Kage Baker had bronchitis or influenza every winter, for years, with a horological accuracy. Some years we couldn’t tell quite what she had – it was over-layered by whatever Plague was making the rounds at Dickens Fair, which she also caught. But, sure as the equinoctial precession, by New Year’s she was hacking and wheezing and cocooned in blankets.
It made our annual New Year’s trips to the sea for her to bathe in inspiration and ice-cold waters all the more miraculous.
She soothed these yearly failures of her respiratory system with a diet of egg creams, wine coolers, hot toddies and won ton soup. The hot toddies – my recipe – were mostly Irish whiskey, plus sugar and lemons and just enough hot water to hold them all in solution. The fumes alone could empty sinuses. We found out years later that the wine in the coolers made her happy, but was rich with histamines that actually made her sinuses worse. The cream in her egg creams (no culinary euphemisms for Kage) increased her mucus production. I don’t think the won ton soup had any side effects, but … the Chinese restaurant where we bought it for years left a vat of monosodium glutamate as tall as I was on the sidewalk when they moved out. So who knows?
Kage, though, felt that feeling less – which this regimen certainly guaranteed – was just as good as feeling better. So she went on in relatively soggy content through this yearly routine, letting the side effects distract her until the viri ran their courses. None of it killed her. Maybe she was on to something.
Of course, she was a lot younger then than I am now. And while I was immune for decades to this kind of crap, now I catch influenza despite the flu shots – God knows, without the vaccine I’d probably go full Innsmouth and be a gilled, bug-eyed amphibian by 12th Night. However, I also have a weak heart, a tendency to form blood clots, and diabetes. Almost nothing fun, tasty or even distracting is good for me: in fact, my prescription for Plavix (an anti-platelet medication designed to prevent my blood vessels from coagulating solid) warns me (in italicsI that ingestion of any alcohol will stop my heart, convert my liver to beef jerky and condemn me to the cheap seats in Hell.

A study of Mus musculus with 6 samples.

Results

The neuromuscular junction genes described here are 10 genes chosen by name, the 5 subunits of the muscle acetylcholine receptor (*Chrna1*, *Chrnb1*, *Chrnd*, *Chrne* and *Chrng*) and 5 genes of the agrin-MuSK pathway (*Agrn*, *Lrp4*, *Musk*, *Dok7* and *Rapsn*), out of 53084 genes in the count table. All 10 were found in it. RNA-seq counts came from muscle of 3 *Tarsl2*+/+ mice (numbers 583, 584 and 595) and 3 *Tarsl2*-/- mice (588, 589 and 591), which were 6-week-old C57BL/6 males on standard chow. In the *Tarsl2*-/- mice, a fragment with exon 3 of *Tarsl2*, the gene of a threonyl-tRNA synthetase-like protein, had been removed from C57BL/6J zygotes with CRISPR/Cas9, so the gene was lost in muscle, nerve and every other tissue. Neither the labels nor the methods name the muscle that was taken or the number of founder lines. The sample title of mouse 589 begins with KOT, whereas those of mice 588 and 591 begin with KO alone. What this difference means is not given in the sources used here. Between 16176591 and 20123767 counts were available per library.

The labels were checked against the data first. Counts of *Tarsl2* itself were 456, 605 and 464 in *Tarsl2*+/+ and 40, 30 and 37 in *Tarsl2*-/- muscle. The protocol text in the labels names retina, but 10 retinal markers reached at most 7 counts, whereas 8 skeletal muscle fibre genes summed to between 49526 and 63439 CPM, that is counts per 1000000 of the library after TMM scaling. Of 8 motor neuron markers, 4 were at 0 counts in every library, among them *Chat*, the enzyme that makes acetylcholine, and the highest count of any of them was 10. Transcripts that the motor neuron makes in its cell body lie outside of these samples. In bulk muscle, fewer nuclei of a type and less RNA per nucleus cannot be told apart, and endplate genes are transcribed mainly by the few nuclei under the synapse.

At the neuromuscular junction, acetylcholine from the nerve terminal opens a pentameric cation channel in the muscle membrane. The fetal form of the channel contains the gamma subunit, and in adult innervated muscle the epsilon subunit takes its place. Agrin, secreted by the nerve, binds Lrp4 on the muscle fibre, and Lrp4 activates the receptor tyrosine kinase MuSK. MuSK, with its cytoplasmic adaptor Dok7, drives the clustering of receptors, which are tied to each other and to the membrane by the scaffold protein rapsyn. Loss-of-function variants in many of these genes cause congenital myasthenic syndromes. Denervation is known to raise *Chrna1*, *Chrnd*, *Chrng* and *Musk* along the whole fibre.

I am left with heart-safe decongestants; which are almost as safe for the congestion as they are for my heart. None of those wonderful stoplight-red Sudafed we used to toss back in my youth – man, those were like a simoom in your sinuses, you could clear out a whole weekend of Faire dust with ’em! Now, you have to go to the pharmacist, produce three forms of ID plus your first-born novel, and sign some sort of Federal release form just to get 16 measling pills.
Luckily, there is still absinthe, I mean, NyQuil. And chicken soup. And warm blankets. And my Kindle, on which I am currently writing this blog, snug in my furry slippers and with a purring cat beside me … so I may have the flu, but there is still some comfort in this cold, drippy world.
I titled this entry “Interregnum” because I was gonna say I was sick and take five. Instead, I got all caught up in whingeing and whining and carrying on. And, you know what? I feel better.
Thank you, Dear Readers. Go on out to the lobby, and get yourselves some Junior Mints and Bon Bons.